Okay, as we know, the fate of the bull is usually predetermined. From the moment the sizeable, fierce creature enters the ring, we *think* we can anticipate what will happen next and how he will meet his demise. We predict three rounds, tercios as they are called, of an elegant dance between man and beast. We surmise that the torero or matador, as he is often referred to, will be the last one standing in the ring, claiming one, if not both of the bull's orejas (ears) if not his rabo (tail) as well as his reward for displaying skill and dexterity. But, as it turns out, just this once, we were WRONG. At yesterday's corrida, it did happen - a bull was spared!- and our students were there to see it. This event happens only once every few years, as one host father proudly told me. And while such an occurence certainly does not change the controversial nature of this tradition, it did give provide us with ample topics for conversation!
As the local fiestas of San Juan and San Pedro continue, the plaza awaits us. In the picture, you can see the inside of León’s own Plaza de Toros where we will be meeting with students just before six for the much-anticipated corrida. Today’s bull fight brings both a strong sense of history and culture mixed with conflicting emotions of what is right and wrong. Students will be encouraged to speak about their experience in class tomorrow and they will no doubt have much to share with all of you back home upon their return.
Quite the contrast to the more urbanized León, the former gold mines of Las Médulas provided students with beautiful scenery and a glimpse into Spain’s Roman past. Although our time there was brief, we definitely got our exercise in as we followed the well-trodden paths into the hills and through the caves!
*Note the faces of the eager explorers upon arrival (and before the heat of the day kicked in)!
Yesterday’s optional excursion for the students led us a bit further along the well-known “Camino de Santiago” (see the picture of the turned seashell) and into the heard of Ponferrada, a former Roman city and the site of a 13th century Templar castle. Although the Templars eventually disappeared from here, their influence was still very much visible throughout the castle and its surrounding areas, with many “T” (la tau) prominently displayed.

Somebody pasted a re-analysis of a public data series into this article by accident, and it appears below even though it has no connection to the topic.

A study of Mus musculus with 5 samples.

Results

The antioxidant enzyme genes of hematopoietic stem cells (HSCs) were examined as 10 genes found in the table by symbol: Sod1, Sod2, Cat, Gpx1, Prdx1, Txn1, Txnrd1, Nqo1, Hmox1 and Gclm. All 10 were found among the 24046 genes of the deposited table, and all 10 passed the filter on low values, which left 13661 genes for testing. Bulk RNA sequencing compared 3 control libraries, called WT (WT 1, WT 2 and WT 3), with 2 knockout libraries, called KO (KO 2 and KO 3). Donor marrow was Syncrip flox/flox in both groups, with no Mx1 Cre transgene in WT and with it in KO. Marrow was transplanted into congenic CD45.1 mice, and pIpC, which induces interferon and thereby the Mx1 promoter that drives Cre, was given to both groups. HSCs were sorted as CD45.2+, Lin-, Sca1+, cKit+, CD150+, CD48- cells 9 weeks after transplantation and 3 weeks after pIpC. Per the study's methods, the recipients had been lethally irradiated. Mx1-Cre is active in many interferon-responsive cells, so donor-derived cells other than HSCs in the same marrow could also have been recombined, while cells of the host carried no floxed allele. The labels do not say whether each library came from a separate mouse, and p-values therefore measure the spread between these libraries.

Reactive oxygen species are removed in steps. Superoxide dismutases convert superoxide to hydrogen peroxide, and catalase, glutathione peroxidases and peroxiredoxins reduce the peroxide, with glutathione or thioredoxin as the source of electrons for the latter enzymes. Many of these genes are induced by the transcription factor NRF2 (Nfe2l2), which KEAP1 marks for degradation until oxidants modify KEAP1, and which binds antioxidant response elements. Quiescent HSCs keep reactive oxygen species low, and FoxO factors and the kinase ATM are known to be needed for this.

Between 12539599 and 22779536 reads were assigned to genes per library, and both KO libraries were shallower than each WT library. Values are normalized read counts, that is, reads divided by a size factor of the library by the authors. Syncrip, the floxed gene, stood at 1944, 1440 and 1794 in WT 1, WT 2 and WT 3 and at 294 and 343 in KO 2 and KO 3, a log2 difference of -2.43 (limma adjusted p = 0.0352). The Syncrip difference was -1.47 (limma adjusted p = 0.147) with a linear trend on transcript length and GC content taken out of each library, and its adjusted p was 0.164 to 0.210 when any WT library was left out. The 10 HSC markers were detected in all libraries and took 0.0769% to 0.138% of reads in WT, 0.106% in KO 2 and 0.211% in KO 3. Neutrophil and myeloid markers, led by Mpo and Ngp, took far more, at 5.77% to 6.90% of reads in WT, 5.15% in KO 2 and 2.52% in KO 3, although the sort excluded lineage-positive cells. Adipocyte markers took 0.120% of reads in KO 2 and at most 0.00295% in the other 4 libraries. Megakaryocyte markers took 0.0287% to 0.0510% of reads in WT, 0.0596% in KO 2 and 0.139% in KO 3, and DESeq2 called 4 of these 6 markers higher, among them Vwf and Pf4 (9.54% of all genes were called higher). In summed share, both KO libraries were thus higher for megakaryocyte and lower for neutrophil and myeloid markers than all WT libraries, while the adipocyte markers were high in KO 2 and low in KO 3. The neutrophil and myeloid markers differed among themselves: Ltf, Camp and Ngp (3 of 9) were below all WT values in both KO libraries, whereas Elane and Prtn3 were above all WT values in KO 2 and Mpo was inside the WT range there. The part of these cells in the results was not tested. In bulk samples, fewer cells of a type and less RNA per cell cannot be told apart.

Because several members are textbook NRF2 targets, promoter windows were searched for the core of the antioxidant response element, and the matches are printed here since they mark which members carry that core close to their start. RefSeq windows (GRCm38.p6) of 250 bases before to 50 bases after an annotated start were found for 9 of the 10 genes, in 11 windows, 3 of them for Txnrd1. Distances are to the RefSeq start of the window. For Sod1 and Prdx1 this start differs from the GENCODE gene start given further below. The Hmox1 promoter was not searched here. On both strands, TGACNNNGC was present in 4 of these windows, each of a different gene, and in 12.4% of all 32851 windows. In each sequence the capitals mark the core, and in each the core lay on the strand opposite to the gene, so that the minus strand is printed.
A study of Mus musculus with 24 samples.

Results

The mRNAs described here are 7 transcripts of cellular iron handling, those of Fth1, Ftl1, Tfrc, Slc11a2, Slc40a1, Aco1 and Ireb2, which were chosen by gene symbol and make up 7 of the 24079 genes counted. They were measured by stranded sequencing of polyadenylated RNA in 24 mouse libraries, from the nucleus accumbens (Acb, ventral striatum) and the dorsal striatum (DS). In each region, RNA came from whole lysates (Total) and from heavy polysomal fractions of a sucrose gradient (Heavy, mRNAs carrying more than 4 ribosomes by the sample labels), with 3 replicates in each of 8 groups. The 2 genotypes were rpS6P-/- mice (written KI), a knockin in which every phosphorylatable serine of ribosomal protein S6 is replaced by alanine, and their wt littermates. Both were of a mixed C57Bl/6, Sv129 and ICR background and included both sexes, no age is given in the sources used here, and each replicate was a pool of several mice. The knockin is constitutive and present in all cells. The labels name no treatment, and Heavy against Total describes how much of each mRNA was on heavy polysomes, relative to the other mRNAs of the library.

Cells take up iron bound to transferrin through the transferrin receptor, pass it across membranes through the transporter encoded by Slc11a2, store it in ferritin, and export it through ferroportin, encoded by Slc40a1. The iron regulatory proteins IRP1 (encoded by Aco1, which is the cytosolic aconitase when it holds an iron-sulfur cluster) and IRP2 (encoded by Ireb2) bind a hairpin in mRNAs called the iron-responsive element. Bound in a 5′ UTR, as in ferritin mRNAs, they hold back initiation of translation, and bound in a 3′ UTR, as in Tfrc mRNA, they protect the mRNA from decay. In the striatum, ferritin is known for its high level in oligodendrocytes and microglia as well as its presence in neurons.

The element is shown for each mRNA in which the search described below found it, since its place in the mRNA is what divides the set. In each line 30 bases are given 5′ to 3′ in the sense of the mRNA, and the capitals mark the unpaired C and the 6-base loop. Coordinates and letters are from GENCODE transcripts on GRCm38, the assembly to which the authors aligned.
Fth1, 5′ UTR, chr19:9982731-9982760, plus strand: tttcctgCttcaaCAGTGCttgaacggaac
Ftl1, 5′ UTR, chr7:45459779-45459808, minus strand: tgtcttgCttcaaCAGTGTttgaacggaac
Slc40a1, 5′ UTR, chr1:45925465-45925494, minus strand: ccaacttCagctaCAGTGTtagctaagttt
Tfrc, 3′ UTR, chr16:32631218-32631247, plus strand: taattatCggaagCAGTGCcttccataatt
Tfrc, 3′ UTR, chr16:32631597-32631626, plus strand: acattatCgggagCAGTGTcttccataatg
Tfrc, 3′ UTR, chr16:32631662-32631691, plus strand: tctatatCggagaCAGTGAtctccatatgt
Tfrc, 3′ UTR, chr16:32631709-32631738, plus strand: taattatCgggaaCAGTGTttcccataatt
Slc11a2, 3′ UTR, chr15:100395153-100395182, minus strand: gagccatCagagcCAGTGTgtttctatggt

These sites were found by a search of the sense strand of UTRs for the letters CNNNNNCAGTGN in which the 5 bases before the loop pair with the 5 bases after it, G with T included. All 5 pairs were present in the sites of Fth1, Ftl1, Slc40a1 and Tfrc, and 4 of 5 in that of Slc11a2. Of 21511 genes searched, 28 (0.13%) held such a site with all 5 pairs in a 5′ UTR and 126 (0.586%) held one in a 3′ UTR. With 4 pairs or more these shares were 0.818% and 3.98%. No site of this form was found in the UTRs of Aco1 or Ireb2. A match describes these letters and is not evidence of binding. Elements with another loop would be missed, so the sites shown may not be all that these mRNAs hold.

Wanting to ensure that everyone was prepared for the anticipated heat and sun of today's excursion...
Ron made the most of our time on the bus and happily modeled for the students the do's and don'ts of proper sunscreen application.
As the festivities for the fiestas of San Juan and San Pedro continue throughout the city, program participants had yesterday (Friday) off from class and activities to spend with their host families. Today, we went to the small town of Ponferrada to see a Templar castle and later traveled onto Las Médulas, a site as well known for its gold mines (formerly the MOST important in the Roman Empire) as it is for its beautiful vistas, or views. Sunday will bring the controversial yet traditional corrida de toros, or bull fight. Please check in again soon as pictures will be updated as our internet connection allows!
León’s annual fiestas of San Juan and San Pedro officially began Thursday night with a full fireworks display (impressive enough to rival our own 4th of July celebrations!) and a traditional hoguera, or bonfire, into which pieces of paper with resolutions, wishes and/or aspirations written upon them were thrown. After, a free concert was given in the nearby plaza by popular Spanish musician, Melendi.
On Wednesday night, we were treated to a wonderful performance by the Orquesta Sinfónica Superior de Música de Salamanca, directed by Javier Castro and accompanied by Spanish guitarist, Hugo Geller, and singer, Caridad Vega. The concert was held at the state of the art auditorium just outside the city center and one of our host mothers was able to get tickets for all students and staff who wanted to attend.
Another local specialty was offered to us today at our usual restaurant, el rabo de toro, or as it is known in English - bull's tail! And as you can see from the photos, it was accompanied with french fries and lots of smiles. :)
Two Spanish specialties - revuelto de morcilla y patatas fritas (scambled eggs with blood(!) sausage and french fries) and conejo al ajillo (rabbit with garlic), also served with french fries.
Our last stop on Friday’s excursion, and perhaps the one most enjoyed by the students, was at El Alcázar, a 12th century castle located in the west end of Segovia. Here, the students could view both armor and tapestries alike and a few brave individuals even ventured to climb up the castle’s tower that was originally used as a prison!